A Living Tradition in a Foreign Land: Integrating Japanese Gardens in the Postwar American Landscape

Mar 8, 2024, 1:30 pm3:30 pm
East Pyne 010 and livestream Princeton Channel 7; reception to follow


Event Description

A Living Tradition in a Foreign Land: Integrating Japanese Gardens in the Postwar American Landscape

Sadafumi Uchiyama, Curator Emeritus Portland Japanese Garden


Zhiyan Yang, Humanities Council / PIIRS / Princeton-Mellon Fellow



While prevailing academic discourse often interprets Japanese gardens primarily through an aesthetic lens, emphasizing their unchanging tradition and perceived cultural authenticity, this presentation challenges such views. It aims to reveal the varied design and functional possibilities of Japanese gardens in the U.S., tracing their significance against the backdrop of evolving U.S.-Japan relations after WW2 and the internment of Japanese Americans. By highlighting the role of postwar cultural diplomacy, this talk will also examine contemporary practices and their impact on local communities, minority groups, and broader social and cultural dynamics.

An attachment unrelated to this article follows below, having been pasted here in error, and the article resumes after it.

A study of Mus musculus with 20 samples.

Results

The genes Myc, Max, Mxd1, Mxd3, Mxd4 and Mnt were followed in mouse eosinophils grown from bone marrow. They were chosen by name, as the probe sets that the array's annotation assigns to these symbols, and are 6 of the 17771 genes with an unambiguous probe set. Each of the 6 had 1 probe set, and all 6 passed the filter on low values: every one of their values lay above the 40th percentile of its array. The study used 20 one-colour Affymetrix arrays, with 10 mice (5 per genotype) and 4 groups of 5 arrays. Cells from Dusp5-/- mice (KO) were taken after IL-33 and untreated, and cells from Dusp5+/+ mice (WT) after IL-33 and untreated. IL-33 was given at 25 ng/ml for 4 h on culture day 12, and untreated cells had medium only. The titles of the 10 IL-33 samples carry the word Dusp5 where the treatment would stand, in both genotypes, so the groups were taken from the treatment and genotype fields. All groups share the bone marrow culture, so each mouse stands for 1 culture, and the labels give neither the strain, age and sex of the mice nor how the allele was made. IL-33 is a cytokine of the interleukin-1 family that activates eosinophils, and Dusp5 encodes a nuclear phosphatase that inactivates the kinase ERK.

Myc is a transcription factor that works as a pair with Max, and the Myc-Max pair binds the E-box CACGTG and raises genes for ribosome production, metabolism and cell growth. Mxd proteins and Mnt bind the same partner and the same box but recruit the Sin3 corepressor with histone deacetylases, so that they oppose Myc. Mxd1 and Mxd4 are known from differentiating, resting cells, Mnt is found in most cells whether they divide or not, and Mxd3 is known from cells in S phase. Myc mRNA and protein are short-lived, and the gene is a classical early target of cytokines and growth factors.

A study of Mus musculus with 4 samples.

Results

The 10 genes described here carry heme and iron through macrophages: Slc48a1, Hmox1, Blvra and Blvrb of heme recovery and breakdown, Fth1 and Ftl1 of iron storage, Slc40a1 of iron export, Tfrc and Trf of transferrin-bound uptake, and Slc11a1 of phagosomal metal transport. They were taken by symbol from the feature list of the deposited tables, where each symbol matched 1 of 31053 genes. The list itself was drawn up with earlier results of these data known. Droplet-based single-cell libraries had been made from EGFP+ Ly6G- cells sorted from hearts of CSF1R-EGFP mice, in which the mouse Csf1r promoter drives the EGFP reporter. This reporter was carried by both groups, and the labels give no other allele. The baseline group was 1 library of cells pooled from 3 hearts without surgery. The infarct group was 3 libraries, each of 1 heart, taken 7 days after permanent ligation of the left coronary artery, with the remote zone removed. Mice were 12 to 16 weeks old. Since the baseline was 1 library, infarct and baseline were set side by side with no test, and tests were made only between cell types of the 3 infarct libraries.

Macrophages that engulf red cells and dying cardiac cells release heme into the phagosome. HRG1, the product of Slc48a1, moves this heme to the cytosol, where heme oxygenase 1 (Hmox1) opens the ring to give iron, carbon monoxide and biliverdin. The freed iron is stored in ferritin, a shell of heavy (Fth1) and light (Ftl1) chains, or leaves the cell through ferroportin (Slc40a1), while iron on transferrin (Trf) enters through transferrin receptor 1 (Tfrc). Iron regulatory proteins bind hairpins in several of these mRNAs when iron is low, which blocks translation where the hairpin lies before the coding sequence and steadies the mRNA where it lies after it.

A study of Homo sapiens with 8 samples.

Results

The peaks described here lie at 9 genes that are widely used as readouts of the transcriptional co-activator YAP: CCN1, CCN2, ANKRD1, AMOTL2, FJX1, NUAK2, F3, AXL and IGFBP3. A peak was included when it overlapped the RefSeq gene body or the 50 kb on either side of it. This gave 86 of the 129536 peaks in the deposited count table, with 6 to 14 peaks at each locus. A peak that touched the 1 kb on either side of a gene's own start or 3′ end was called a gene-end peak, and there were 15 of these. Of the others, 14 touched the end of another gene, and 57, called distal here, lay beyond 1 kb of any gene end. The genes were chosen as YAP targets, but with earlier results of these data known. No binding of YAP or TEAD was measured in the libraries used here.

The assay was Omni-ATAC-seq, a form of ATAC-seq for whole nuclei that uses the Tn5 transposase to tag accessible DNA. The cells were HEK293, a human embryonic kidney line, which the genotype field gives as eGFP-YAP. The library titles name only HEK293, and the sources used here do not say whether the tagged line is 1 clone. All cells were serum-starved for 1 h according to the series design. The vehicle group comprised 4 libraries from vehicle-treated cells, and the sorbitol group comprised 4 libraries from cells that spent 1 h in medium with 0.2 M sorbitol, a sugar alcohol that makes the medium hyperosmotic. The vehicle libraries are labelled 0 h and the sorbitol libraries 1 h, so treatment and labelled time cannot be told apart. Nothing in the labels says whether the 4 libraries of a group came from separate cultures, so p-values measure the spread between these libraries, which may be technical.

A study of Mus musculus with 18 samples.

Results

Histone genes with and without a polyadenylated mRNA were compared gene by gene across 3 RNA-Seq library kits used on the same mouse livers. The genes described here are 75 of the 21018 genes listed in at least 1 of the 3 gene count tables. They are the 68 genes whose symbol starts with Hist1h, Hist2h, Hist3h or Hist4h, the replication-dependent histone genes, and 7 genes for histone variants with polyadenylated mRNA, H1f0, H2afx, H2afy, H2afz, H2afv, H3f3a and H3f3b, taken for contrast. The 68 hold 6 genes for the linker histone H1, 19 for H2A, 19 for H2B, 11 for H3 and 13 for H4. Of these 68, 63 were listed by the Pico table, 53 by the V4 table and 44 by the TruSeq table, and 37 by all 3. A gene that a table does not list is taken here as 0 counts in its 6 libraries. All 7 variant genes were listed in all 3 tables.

Sadafumi (Sada) Uchiyama is Curator Emeritus of Portland Japanese Garden, where he was a garden curator from 2008 to 2021 and chief curator from 2021 to 2023. Uchiyama helped to create and integrate the Cultural Crossing Expansion Project and was Director of the Japan Institute’s International Japanese Garden Training Center.

A fourth-generation Japanese gardener from southern Japan, Uchiyama is devoted to fostering relations between Japanese gardens in Japan and those outside of Japan. Having received training in and taught landscape design in the U.S., he has been involved in the development of the North American Japanese Garden Association (NAJGA) and serves as a Charter Member of its board and programming board.



This event is sponsored by the East Asian Studies Program; Program in Asian American Studies; Art + Archaeology; School of Architecture; Tang Center for East Asian Art; and the Princeton-Mellon Initiative.